More than a year ago we saw one census statistic we just couldn't shake. At the time, nearly one in five kids in the state were living in poverty. We set out to learn about childhood poverty in Colorado: What it looked like and what was being done about it. We're looking back at our coverage now, taking stock of what we've learned and revisiting some of the people we interviewed. Along the way, we explored reams of data that helped illuminate the issue.

The data tells us a lot of things. Probably the most important metric is the child poverty rate, which the U.S. Census bureau tracks. Last year when we started this project, we noticed it had risen from about 11 percent in the year 2000 to 18.5 percent in 2012. That was one of the biggest jumps in the country. Since our reporting began more than a year ago, that rate has dropped twice -- it now stands at about 15 percent. So that means we've gone from nearly one in five kids living in poverty to about one in six. 

So it’s going in the right direction?

Yes. Advocacy groups like the Colorado Children’s Campaign say they are cautiously optimistic about the trend we’ve been seeing in the last few years. 

Why is the rate improving?

It’s pretty simple: the economy is improving. When more mothers and fathers have jobs that pay decently well, the poverty rate drops. 

And when we say poverty -- what exactly does that mean?

The poverty threshold is set by the Census Bureau every year. It factors in family size -- so for a family of four, the poverty line in 2014 was about $24,000. 

But it’s a somewhat deceiving number. For one, the official poverty line doesn’t change across the lower 48 states. That’s problematic because the cost of living obviously varies a lot depending on where you are. 

Another issue is that the poverty rate is calculated using a formula that’s half a century old. Back in the 1960s, Americans spent about a third of their income on food. They don’t any more -- transportation costs and medical bills take up a much bigger share of our paychecks.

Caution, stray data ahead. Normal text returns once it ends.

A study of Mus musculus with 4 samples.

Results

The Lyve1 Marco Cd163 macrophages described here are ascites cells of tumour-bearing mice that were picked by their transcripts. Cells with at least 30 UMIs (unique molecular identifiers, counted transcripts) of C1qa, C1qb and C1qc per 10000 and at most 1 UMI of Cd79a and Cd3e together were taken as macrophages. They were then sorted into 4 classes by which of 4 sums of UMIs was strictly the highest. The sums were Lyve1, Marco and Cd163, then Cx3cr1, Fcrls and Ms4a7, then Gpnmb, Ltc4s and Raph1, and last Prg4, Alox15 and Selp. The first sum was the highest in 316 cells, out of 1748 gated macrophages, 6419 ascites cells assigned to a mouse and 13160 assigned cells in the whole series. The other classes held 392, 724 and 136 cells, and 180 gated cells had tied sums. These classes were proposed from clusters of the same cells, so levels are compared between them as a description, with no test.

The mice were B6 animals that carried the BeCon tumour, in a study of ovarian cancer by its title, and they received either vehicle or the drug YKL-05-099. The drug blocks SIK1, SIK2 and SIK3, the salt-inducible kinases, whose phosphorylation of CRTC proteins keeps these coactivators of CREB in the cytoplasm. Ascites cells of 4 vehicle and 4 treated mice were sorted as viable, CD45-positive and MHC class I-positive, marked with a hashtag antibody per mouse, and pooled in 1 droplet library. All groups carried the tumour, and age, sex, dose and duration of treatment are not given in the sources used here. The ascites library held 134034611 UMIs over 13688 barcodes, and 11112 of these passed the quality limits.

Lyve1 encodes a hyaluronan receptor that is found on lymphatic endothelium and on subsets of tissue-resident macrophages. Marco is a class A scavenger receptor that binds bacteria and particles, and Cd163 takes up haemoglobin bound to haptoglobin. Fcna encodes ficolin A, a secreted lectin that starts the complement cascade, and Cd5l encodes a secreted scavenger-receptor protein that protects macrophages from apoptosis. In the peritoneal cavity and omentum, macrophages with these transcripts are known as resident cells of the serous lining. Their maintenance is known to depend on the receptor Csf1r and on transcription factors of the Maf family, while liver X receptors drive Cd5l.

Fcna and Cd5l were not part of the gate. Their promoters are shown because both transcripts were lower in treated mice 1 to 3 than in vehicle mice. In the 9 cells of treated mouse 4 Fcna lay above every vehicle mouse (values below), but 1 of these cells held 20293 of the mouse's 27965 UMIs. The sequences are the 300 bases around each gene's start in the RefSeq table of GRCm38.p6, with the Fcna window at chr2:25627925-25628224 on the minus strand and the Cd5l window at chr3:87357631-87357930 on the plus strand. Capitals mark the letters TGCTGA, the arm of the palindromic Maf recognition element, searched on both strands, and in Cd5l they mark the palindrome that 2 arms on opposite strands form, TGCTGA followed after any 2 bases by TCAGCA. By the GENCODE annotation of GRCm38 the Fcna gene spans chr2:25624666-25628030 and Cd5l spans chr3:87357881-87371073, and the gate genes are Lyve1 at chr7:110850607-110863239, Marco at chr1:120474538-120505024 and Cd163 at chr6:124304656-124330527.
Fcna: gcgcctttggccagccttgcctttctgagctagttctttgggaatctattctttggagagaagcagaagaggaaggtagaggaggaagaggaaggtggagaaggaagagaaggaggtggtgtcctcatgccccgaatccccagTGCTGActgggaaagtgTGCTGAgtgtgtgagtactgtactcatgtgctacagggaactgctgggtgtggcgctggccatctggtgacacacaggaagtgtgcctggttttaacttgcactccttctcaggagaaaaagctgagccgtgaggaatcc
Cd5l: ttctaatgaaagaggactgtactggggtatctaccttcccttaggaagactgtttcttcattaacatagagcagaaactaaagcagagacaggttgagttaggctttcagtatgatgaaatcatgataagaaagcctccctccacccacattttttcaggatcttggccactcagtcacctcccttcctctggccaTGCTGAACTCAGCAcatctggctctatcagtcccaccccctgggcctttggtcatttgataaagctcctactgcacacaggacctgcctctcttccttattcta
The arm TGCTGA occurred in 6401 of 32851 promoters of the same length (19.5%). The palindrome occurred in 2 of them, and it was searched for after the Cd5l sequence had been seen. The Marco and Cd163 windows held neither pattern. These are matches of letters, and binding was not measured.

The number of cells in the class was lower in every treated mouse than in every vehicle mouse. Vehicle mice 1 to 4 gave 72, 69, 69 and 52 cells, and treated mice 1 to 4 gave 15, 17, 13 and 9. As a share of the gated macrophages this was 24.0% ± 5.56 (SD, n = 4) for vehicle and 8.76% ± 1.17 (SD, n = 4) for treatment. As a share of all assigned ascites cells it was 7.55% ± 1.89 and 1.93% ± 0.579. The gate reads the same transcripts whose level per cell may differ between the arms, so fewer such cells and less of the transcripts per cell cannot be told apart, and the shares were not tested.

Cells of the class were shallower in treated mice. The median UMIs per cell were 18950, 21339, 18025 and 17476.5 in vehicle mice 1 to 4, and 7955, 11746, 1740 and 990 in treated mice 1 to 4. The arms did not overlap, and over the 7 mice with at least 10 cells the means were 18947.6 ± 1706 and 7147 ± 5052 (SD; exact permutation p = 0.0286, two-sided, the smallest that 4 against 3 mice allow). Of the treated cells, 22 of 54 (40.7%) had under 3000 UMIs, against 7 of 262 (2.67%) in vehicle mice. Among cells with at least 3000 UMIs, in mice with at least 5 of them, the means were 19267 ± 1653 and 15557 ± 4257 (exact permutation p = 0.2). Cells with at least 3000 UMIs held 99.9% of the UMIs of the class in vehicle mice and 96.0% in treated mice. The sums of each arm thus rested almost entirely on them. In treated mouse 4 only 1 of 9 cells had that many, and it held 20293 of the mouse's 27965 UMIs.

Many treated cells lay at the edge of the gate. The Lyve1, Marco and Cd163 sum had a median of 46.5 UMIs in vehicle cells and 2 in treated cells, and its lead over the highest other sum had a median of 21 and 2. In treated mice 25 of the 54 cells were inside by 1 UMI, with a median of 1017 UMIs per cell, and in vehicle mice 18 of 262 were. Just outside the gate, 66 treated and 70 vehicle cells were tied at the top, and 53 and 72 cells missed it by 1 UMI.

And finally, the official poverty line doesn’t factor in the effects of government assistance.

Why does that matter?

Advocates for the poor say it doesn’t accurately count how many families are struggling financially. That's a big deal because those numbers determine how many of our tax dollars go to government programs that fight poverty.

So a few years ago the Census Bureau came up with an updated yardstick --  the supplemental poverty measure. Using that, The Annie E. Casey Foundation estimated that Colorado’s child poverty rate is actually a few ticks lower -- about 13 percent. But that’s only because of the effects of government programs like food stamps and the child tax credit. Without those, the poverty rate would be about 25 percent.

What else does the data show?

The economic recovery is taking longer to reach poor families. The median family income is actually lower than it was in 2000, when you adjust for inflation. Experts blame that on a fundamental shift in how the economy works. 

And while the overall child poverty rate is down, we’re still seeing some major disparities when you break it down by race or county. The most recent data shows that the poverty rate for Hispanic and Black kids is three times larger than it is for white and Hispanic children. You see similar trends when looking at high school dropout rates and other socioeconomic indicators.

Does child poverty vary by location?

Yes. The lowest rates are mostly in Front Range counties and some northern mountain areas. Southern Colorado, especially the southeastern Plains and the San Luis Valley, have the highest rates. We did some extensive reporting out of the valley last summer.

(Data: 2014 U.S. Census Bureau) 

What were your impressions out there?

Driving through a remote place like the San Luis Valley makes it really clear just how much our economy has moved to cities. There's still an agricultural economy there. But farms are much, much bigger and more automated than they used to be. So that means people who, maybe a few decades ago would've made a decent living on a farm -- now they move to cities like Colorado Springs and Denver.